Prices Up More Than 12 Percent Since Late April
A spate of mid-spring gas price hikes, closely tied to a rebound in crude oil prices, has begun to slow with the onset of the summer driving season. Nonetheless, weeks of unrelenting price hikes have pushed the retail price of gasoline up about 30¢ per gallon since late April, according to data from the U.S. Energy Information Administration. The surge in retail prices has reclaimed price gains made in favor of consumers since the middle of summer 2014.
The biggest price increases happened in a three week period from April 20 through May 4, when prices shot up 8 and 9 cents per week. By the middle of May, price increases were smaller, but remained persistent. It is unclear whether the pace of increases will continue to slow, which normally happens this time of year.
Year Over Year, Prices Down By Almost A Dollar
While the recent price gains for retailers may seem to sting the consumer, the overall picture is actually quite good. Going into summer 2015, drivers around the U.S. are paying almost a dollar less for every gallon of gas they buy. From the Gulf Coast to the New England states, prices are down anywhere from 95¢ per gallon to over $1.00. However, drivers in California, hit hardest by recent price increases, are only realizing a year-on-year price break of about 50¢ per gallon.
In all, the recent weekly price increases, which started in earnest in late April, are shown in the graphics below, highlighting weekly U.S. averages and regional high and low points. A synopsis of the week’s activity is summarized. The E.I.A. weekly price tables are also included.
May 25, 2015
With the onset of the summer driving season, gas prices are 73¢ per gallon higher than when they hit their low spot on January 26. In the four months since, crude oil stabilized and global demand began to shrink. But refineries also switched to summer blended gasoline, which adds to seasonal price increases.
Even so, the price differential from late January represents a 36% jump in retail gas prices. Put a different way, if the weekly price increases are averaged, prices have gone up 4.3¢ every week since February began.
May 18, 2015
As the retail gas price reversal continues, prices have during the May 18, 2015 E.I.A. survey hit a figure most consumers had not seen since just after Thanksgiving the previous year. Price increases since April 20 had pushed consumer costs up 35¢ per gallon, erasing a significant portion of the gains drivers had enjoyed in the retail price arena.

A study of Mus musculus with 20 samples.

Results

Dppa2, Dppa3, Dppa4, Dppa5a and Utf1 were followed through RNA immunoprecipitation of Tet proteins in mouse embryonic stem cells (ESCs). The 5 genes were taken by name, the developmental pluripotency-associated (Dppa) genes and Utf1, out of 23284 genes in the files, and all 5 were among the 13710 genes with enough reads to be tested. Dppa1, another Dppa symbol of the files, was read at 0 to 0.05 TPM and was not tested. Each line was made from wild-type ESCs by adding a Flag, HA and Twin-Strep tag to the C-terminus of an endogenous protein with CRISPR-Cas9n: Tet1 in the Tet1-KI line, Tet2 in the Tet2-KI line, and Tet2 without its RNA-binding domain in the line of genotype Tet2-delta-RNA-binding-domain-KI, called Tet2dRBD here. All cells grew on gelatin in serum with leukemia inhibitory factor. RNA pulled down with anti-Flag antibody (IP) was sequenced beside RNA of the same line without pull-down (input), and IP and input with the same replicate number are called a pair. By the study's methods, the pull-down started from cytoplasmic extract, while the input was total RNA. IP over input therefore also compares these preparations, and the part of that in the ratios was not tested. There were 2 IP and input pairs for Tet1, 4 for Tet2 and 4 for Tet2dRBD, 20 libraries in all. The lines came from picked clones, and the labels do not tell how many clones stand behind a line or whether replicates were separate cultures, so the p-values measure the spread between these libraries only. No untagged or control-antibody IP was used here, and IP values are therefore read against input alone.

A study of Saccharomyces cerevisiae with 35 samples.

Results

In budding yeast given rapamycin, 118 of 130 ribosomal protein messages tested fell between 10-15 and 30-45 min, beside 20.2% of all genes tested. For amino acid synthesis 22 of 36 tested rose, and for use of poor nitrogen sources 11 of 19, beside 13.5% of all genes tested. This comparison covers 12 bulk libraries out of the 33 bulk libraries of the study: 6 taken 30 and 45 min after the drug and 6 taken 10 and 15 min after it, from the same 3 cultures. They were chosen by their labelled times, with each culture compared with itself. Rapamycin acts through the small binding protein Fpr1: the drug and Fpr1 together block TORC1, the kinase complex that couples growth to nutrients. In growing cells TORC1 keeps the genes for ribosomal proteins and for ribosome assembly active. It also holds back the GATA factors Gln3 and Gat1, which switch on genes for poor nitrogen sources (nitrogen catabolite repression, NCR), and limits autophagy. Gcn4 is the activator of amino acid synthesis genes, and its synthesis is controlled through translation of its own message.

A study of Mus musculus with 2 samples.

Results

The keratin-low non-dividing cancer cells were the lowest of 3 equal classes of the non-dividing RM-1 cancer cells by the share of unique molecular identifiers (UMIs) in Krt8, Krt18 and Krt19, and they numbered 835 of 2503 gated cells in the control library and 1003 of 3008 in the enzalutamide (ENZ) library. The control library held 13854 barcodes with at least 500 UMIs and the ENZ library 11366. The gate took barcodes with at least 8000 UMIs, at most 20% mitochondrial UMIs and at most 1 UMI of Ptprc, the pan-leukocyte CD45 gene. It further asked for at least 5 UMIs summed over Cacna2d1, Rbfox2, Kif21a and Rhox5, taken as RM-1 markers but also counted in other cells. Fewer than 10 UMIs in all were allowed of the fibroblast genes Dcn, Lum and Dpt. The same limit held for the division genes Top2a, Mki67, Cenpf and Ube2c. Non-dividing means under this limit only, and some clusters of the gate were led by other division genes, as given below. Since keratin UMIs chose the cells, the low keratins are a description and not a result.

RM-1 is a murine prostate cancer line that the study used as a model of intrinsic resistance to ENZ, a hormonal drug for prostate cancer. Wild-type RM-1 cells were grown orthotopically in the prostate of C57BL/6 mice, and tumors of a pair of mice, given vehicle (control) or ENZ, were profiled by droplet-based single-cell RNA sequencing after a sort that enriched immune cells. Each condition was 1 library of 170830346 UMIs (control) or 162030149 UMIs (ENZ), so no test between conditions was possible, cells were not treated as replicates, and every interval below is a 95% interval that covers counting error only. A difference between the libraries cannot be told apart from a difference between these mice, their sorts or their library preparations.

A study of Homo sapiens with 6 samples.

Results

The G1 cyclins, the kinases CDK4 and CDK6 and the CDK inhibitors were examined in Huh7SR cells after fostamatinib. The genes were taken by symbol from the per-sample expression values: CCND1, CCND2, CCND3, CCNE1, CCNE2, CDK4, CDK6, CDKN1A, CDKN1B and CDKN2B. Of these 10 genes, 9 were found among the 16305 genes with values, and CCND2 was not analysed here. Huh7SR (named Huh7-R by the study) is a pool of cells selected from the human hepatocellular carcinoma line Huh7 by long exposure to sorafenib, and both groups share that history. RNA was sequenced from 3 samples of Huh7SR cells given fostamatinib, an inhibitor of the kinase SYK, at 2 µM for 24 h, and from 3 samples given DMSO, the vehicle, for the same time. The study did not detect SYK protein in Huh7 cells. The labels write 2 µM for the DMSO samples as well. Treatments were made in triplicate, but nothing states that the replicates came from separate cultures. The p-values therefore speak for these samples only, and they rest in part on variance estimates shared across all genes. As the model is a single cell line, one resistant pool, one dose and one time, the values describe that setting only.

The bounce in prices in the May 18 report was offset by news the same day that crude oil supplies would remain high, a potential indicator of steady or even lower gas prices in the weeks ahead.
May 11, 2015
Weeks of unsteady increases in crude oil prices had been adding to the retail price hikes, but the price at the pump did not increase as much the week of May 11, 2015. The weekly E.I.A. report showed the average price nationwide increased three cents per gallon, but that was less than half the rate of the previous three weeks.
Nonetheless, the damage had been done. By the time of the May 11 report, consumer gas prices had jumped an average of 20¢ in less than a month.
May 4, 2015
Crude oil prices have been rising on an unsteady course since the middle of March, pushing consumer gas prices higher. The weekly price report for May 4 showed the strongest weekly price hike since the February 9, 2015 report, when prices soared 12¢ week on week.
The region hit hardest by the price gains was the West Coast, where a significant surge in California’s gas prices dragged the entire regional price index higher by 24¢ per gallon. That nearly matched the previous three weeks’ worth of increases in the national averages.
April 27, 2015
With crude oil prices continuing to climb, consumers continued to pay the price at the pump the week of April 27. Prices jumped 8 cents for the second consecutive week, pushing the national average over the $2.50 threshold, and rapidly pushing the national average price closer to $2.60, a level not seen since December.
Meanwhile, drivers on the West coast were hit hard with a 21¢ weekly price hike.
Crude oil, which had been threatening to close over 60 dollars per barrel for the first time in months, would finally do so only three days later.
April 20, 2015
It has been five weeks since the late-winter price surges that pushed gas prices from a national average low of $2.04 per gallon to $2.49 per gallon by March 9. However, prices had remained little changed since that time, going down only a few cents in the intervening weeks.
The April 20 gas price survey showed prices were about to soar from week to week, but the gains would not be as severe as the double-digit weekly price hikes of early February.